Christy Turlington Burns and husband Ed Burns are getting hot and heavy in the latest Calvin Klein campaign for the brand's Eternity fragrance.
The model, 45, who married the "Entourage" alum in 2003, will be launching two campaigns for the classic fragrance and the brand's new Eternity Night scent, which arrives in August. And boy, do these ads make marriage look good.
The latest campaign is close to the model's heart, because it not only features her with her hubby but also marks the collaboration of the brand's philanthropic Eternity Project, which is launching in conjunction with Turlington Burns' Every Mother Counts initiative.
"I am so grateful for the support of Every Mother Counts and thrilled to be back representing this brand along with my husband," the model said in a statement to The Times. "This is my favorite Eternity Calvin Klein campaign of all time."
One image from the fragrance shoots features a bathing suit-clad Turlington Burns lying on top of her husband on a sandy beach in Turks and Caicos.
"We continue to joke about the shoot because it's much easier to do something like this with someone you know so well and that you're intimate with in real life, but on the other hand, it's also funny to be intimate with your life partner and have people around," Turlington Burns told WWD.
Her nonprofit was founded to end the number of preventable deaths caused by pregnancy and childbirth worldwide. The brand will donate proceeds from U.S. sales of its limited-edition 25th anniversary Eternity bottles for one week. The model will also be featured in a global PSA.
The brand, which debuted the fragrance 25 years ago, has been touting Turlington Burns' and her return to the American design house. She was the fragrance's first face, back in 1988.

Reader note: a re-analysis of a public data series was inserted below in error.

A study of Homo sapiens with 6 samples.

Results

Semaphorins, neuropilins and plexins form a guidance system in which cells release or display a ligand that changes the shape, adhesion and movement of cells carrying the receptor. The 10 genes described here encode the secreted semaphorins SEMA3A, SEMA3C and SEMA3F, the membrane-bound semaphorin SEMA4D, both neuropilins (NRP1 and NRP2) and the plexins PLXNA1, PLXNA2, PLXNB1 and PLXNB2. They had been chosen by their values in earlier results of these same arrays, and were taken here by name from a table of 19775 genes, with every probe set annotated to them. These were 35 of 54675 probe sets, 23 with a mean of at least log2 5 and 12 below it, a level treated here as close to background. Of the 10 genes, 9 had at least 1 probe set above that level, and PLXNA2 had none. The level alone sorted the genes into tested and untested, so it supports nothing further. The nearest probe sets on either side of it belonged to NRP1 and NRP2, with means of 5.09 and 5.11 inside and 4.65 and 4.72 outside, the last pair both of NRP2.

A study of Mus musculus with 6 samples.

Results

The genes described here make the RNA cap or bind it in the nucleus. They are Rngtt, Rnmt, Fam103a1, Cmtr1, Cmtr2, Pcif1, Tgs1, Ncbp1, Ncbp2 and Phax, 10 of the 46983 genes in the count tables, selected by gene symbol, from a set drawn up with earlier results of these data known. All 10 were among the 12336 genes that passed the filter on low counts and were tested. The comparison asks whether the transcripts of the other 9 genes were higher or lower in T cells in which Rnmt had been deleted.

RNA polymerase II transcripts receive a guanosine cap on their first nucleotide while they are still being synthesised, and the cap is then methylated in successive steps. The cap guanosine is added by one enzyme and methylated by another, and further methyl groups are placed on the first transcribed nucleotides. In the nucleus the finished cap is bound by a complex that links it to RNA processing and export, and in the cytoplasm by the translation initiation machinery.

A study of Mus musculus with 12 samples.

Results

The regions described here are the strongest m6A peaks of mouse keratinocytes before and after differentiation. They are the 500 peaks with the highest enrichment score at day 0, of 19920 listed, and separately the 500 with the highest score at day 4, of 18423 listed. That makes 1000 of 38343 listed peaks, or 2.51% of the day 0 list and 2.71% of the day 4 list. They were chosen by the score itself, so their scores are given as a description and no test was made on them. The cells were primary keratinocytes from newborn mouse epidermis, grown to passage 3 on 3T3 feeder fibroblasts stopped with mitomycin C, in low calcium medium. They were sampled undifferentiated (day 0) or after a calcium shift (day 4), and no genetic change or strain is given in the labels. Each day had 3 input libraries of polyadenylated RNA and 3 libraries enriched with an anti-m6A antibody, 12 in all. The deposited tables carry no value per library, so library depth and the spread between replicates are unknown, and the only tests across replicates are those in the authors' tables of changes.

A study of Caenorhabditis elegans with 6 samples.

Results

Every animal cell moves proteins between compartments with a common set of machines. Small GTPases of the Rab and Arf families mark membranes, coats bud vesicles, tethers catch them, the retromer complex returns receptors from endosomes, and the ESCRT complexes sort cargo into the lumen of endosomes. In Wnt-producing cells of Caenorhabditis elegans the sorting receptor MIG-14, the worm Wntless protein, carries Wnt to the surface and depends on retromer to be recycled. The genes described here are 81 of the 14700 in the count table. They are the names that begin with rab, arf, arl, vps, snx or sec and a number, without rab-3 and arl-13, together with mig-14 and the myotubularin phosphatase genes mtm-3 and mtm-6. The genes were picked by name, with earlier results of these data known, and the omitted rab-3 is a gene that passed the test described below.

Now she and her husband are photographed by Inez Van Lamsweerde and Vinoodh Matadin, getting intimate, as lovers are wont to do.
But this time around, Burns, who plants a sweet kiss on his wife's temple in the pic, was glad it was him in the campaign and not a male model.
"In the beginning we were pretty giggly," Turlington Burns said. "And after the first day, Ed said to me, 'I'm so glad you're not doing this with somebody else.' I said, 'I wouldn't be doing this with someone else.' Usually you pretend to be intimate on these types of campaigns, and when they go to change a lens or the roll of film is complete, you're like, 'So, how about those Mets?' It's just awkward."
Turlington Burns, now a mother of two, was also named one of Time magazine's 100 most influential people last month.
Melinda Gates, wife of Microsoft founder Bill Gates, penned the accompanying tribute essay, which noted the model's work as "an ambassador for maternal health" and her strides in decreasing maternal mortality globally.
"Christy's second act is her tenacious fight against maternal mortality," Gates wrote. "After the birth of her first child, she suffered postpartum hemorrhage.... In developing countries, it can be deadly. Christy's realization that her life and her baby's turned on the luck of geography inspired her to take action. She made the documentary 'No Woman, No Cry' to raise awareness of maternal mortality. Then she founded Every Mother Counts, which provides health education, medicine and emergency care in poor countries."
Burns accompanied her on both occasions.
"Me and my big lug about to arrive at #themetball2014," she wrote, captioning a selfie with her husband taken just before the annual affair.